We were planning on a 85% LTV mortgage which would leave us enough money to improve the new house a bit (new kitchen etc). But the rates are really terrible just now so we are looking at pushing to 80% LTV. It will leave us no money for big improvements beyond a few carpets and some paint. I’m pregnant so there’s a maternity leave and then nursery fees for around 2 years coming up so little chance of saving.
What would you do? Sink all the money into the mortgage for a lower rate and lower repayments or keep the cash and take a higher LTV?
If you go for the higher LTV, then you will be paying a higher monthly payment and a lot more over the term of the mortgage.
I would go for the lower rate and do the jobs as you can afford it.
You could always get a 0% credit card and put some of the cost on that...
How bad is the kitchen? Can you live with it? Or it is falling apart?
Can you actually get an 85% mortgage? From the threads on here it seems that 20% deposits tend to be required these days.
And how bad is the kitchen and what would be the difference in monthly repayments with the 80% vs 85% LTV? If it’s considerable, eg £150 per month, the you might find that saving the difference for 2 yrs, you’ll have enough for kitchen cabinets.
We had this same dilemma and decided on going for the higher deposit as we could save some money each month to be able to do some of the work we need to do. It depends on the house, but now we are in, the work we thought we would need to do urgently we have now decided can actually wait.
It’s over £100 a month difference. The advisor says we can get a 15% one. But it sounds like we would be better pushing to 20%. The kitchen is dated but not falling apart.
I'd push for better LTV - it's cheaper in the long run, and I found changes I made as soon as I moved in wouldn't be the same as I made after being in for a few months. Having to save up will give you time to think about changes a bit more, especially if it's cosmetic/wants rather than needs!
I would go for a better LTV.
Also to be fair if you having kids as long as the kitchen isn't dangerous, you are better off waiting until they are slightly older before doing any major improvements.
We did the opposite of most of the recommendations on here. Basically we did it want the stress of worrying we couldn’t fix any major problems that cropped up in the next 2 years or so. We kept £12k back which meant we have an 85% mortgage the mortgage is for 3 years and we can then adjust the LTV at that point and remortgage at 80% if needs be. We can save about £250 per month so after 3 years that’s about £9k which we can put up with the repayments made and gain 5% of the LTV.
We are wrapping a loan into the mortgage. We will remortgage in 2 years and look for a better rate as we will have spare cash in 2 years but we want to do the work now. It works out cheaper than taking a renovation loan.
We have gone for the lower LTV. Hoping it all works out and it’ll be okay living without the improvements for a while!
Good decision I think - even if you save the £100 a month extra the bigger mortgage would have cost you'll have enough to make some improvements - e.g. if the kitchen is functional but dated £500 worth of new doors, handles and lick of paint can really spruce it up. A fresh coat of paint or new paper on the walls, some nice rugs to cover tired/worn carpets and good quality soft furnishings and lighting will make a comfortable space out of even a quite tired/ugly living room. And even if the bathroom is hideous/avocado suite level, keep it really clean and have nice toiletries and fixings and it will be fine...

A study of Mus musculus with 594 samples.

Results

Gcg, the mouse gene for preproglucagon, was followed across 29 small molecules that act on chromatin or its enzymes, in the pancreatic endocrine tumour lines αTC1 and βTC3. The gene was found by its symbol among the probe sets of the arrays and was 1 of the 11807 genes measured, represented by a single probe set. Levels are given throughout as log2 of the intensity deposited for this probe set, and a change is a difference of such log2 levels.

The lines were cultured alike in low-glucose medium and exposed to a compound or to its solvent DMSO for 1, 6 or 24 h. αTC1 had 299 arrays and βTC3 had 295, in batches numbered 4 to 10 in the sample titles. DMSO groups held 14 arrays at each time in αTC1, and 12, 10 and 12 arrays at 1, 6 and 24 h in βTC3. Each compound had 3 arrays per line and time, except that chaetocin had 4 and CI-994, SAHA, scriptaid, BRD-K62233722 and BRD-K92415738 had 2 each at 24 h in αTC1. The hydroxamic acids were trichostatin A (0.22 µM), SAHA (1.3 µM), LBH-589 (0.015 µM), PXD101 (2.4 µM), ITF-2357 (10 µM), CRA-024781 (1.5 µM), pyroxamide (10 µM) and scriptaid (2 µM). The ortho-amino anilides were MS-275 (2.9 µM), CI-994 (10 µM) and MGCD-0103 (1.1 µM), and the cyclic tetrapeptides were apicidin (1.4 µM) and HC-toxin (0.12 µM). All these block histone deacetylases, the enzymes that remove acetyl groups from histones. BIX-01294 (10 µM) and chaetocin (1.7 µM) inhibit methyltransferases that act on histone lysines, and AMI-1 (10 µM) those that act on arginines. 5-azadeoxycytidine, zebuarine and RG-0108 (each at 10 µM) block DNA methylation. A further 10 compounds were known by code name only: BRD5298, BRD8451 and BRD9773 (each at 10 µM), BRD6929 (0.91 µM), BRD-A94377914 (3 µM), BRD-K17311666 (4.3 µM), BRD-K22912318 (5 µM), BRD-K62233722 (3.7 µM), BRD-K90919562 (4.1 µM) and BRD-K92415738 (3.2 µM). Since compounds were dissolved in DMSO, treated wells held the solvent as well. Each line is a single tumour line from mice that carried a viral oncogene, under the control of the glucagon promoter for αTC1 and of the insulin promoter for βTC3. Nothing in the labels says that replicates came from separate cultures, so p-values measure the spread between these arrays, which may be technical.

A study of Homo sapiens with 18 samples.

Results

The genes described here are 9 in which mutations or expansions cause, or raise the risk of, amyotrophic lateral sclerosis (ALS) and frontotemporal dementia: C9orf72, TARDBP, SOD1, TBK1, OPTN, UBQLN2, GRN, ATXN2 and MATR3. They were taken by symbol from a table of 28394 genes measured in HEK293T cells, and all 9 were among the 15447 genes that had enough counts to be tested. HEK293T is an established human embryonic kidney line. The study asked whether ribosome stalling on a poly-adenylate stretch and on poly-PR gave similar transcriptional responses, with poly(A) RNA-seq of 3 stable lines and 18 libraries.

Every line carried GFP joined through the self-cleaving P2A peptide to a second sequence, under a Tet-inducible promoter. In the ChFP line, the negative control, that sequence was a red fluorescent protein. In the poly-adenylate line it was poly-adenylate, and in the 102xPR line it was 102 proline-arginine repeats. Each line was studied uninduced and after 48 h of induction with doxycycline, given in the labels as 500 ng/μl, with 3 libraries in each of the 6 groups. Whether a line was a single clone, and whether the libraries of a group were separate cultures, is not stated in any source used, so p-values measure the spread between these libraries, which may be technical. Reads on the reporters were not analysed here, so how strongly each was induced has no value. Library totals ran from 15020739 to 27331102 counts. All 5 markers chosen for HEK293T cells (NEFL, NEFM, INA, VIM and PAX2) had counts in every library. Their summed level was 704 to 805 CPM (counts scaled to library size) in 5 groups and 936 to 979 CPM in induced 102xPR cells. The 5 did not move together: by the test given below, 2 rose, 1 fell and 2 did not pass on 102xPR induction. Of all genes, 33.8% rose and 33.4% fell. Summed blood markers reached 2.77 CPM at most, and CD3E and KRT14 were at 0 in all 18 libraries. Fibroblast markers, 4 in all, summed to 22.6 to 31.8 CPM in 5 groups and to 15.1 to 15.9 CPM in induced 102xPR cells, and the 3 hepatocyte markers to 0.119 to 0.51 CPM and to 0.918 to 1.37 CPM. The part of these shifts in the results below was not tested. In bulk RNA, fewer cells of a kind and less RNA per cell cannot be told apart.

I've always had fixer-uppers (and rarely the budget to immediately do the fixing up) and it's surprising what you can quite happily live with once you get used to it - even absolute design no-no's like artex ceilings or hideous cheap lino flooring are things you stop noticing once it's been your home for a while (and it can be better to do work once you've lived there a while and really know how you use the space etc)...
Thanks @maxelly you’ve made it sound lovely anyway!
I agree I would definitely go for higher LTV as you will get a better interest rate. If you would be saving over £100 month you.could probably.buy new door fronts and handles in a few months. Then you have over £100 more each.month to help cover maternity leave shortfall or to buy baby things. As long as it is safe and clean you can manage. Over lifetime of mortgage it will save you thousands of pounds. Just do up rooms one at a time when you can afford it.
Put as much deposit as physically possible!!
Surely it depends on whether you plan to take a home improvement loan in the future? If you think in net present value terms, the £100 you save now will be worth less in the future. It will be worse if savings rate fall as is expected. The Bank of England is talking about negative interest rates.
It would not be worth a lower LTV if it extends for the lifetime of the mortgage but if you speak to your financial advisor they may be able to help you take advantage of the low interest rates to borrow as part of your mortgage and pay back the home improvement amount in the next handful of years. It will work out much cheaper than savings. It is a bit complicated but speak to your financial advisor.
@Lifeandjoy we won’t take out any loans. We will just have to wait and save for the improvements. They are mainly cosmetic.